Friday, 29 March 2013

"What You Don't Have You Don't Miss."

We have received an exciting new edition to our catalogue this week: The Happy Valley Collection, a boxful of photographs, interviews, anecdotes, video footage and an ORCA report pertaining to Bankburn, a.k.a Happy Valley which was, for over 50 years, the home of Edwin Harrold.

Mr Harrold planted gardens and woodland around his modest cottage which he powered using a hydroelectric generator connected to a water wheel in the burn.

Photographs by Jane Glue

Photograph by Betty Pottinger

Photographs by Julie Rickards.

Photograph of wheelhouse from Stephen Firth.

“What you don’t have you don’t miss” said Edwin. His fiddle was for others to play. He didn’t play an instrument. He was good at drawing. He didn’t want donations from visitors but did accept plants and shrubs.
(Excerpt from interview with neighbour Ruby Spence.)

When I was small, probably about 5-10, I used to visit Edwin either when I lived in Orkney (1965-67) or during extended summer holidays after that. He always had sweets in his large dresser in the main room of HV and my sister and I would get some chocolate or similar before we left. Edwin's bedroom was just off the main room and he had a sort of curtain over the door. He would go through there and then come back through telling us that his wife Matilda was sleeping. At my age, I really believed him although, as was his usual, he was pulling my leg.

(Excerpt from email from Stephen Firth.)

The reference number for the Happy Valley collection is D128

Wednesday, 27 March 2013

In a time of Giants...

Welcome to Orkney in the time of giants or really peedie hooses and ships...

We just thought we'd brighten up your day with this lovely old map o Kirkwall.

This is part of a plan of Grain surveyed and drawn by William Aberdeen in 1766 for Sir Laurence Dundas.

Orkney Archive Reference: D8/E/19[G3]

Wednesday, 20 March 2013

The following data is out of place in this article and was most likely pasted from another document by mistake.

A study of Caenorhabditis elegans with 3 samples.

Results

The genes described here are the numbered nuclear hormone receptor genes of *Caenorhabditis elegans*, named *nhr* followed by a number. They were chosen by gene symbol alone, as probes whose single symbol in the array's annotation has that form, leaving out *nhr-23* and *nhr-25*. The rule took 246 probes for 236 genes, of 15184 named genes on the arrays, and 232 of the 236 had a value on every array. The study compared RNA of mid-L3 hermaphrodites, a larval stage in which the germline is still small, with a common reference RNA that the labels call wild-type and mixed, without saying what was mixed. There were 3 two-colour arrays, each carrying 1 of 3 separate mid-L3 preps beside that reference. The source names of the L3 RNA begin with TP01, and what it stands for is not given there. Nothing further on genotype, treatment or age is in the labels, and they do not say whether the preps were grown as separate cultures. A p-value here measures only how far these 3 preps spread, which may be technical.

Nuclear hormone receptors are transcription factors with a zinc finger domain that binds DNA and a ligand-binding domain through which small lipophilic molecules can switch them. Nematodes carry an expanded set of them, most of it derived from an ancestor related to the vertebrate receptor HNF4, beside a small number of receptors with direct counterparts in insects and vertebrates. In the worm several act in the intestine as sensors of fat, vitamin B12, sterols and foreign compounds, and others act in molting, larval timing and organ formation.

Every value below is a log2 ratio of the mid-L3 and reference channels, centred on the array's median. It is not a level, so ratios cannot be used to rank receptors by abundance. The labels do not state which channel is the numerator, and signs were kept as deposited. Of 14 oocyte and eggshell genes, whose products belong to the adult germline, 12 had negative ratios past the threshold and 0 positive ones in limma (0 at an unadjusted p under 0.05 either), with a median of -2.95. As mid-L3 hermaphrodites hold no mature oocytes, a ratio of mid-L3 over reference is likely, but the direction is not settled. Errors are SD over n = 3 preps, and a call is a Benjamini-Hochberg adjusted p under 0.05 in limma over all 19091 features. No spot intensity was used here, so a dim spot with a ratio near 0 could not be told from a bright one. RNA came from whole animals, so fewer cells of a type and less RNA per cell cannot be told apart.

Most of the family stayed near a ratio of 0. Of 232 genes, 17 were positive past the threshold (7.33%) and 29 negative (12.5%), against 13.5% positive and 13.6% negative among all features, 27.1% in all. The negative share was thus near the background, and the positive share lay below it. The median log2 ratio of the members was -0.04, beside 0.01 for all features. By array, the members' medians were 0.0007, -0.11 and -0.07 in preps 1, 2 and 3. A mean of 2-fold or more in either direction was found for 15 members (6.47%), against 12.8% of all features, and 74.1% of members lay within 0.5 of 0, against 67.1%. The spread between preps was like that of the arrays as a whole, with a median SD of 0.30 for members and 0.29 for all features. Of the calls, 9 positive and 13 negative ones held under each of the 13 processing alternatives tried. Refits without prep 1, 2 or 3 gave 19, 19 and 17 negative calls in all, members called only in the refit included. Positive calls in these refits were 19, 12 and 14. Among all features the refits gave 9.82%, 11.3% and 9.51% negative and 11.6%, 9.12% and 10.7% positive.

A Chance For You to See What We've Been Banging On About For So Long...

Films and talks about Margaret Tait?
Films by Margaret Tait?

Yes Please!

See you all there. We'll be the ones at the back with bells on.

Saturday, 9 March 2013

Never A Doll Moment

Look what I found when looking for shipbuilding apprenticeship documents. What are they for? Who knows?

One of the figures has "Napolean - 5' 4" and Horatio Nelson was 5' 5"' written on it's leg.

Reference: D116/6

Thursday, 7 March 2013

Bringing Home The Beacon

Brinkie's Brae, Stromness. It's a brae that belonged to Brinkie presumably? Possibly not...

We hold an 1852 plan of Stromness which names the hill 'Wart Hill'. Wart was the old Orkney word for beacon or pillar and derived from the Old Norse word varða.

In every Isle there is a Wart or Ward-Hill. the highest hill in the Isle, on the top thereof they used to kindle a fire, when they saw an enemy approaching.

John. Brand, A Brief Description of Orkney, Zetland, Pightland Firth and Caithness. (1701)

'Brinkie' is in the National Dictionary of Scotland as 'A comely person of lively disposition' and originates with the word 'Brin', a gleam or flash, which in turn derives from the Old Norse brenna, to burn.

And brae is a general Scots word for hill.

So. Brinkie's Brae, the burning hill.



The Orkney Norn, Hugh Marwick
The Scottish National Dictionary
Rotten Tomatoes (Picture taken from Lord of The Rings)

Wednesday, 6 March 2013

Great New Acquisition News!

Gunnie Moberg Archive Collection

We're so overcome with delight, that we're are unable to put into words the news of the latest archive acquisition for the Orkney Archive. So here's some links to other blogs about it instead, including a great one by Alison Miller our Reader in Residence.

I'm sure we'll be able to talk about it soon, so we can keep you updated on our progress.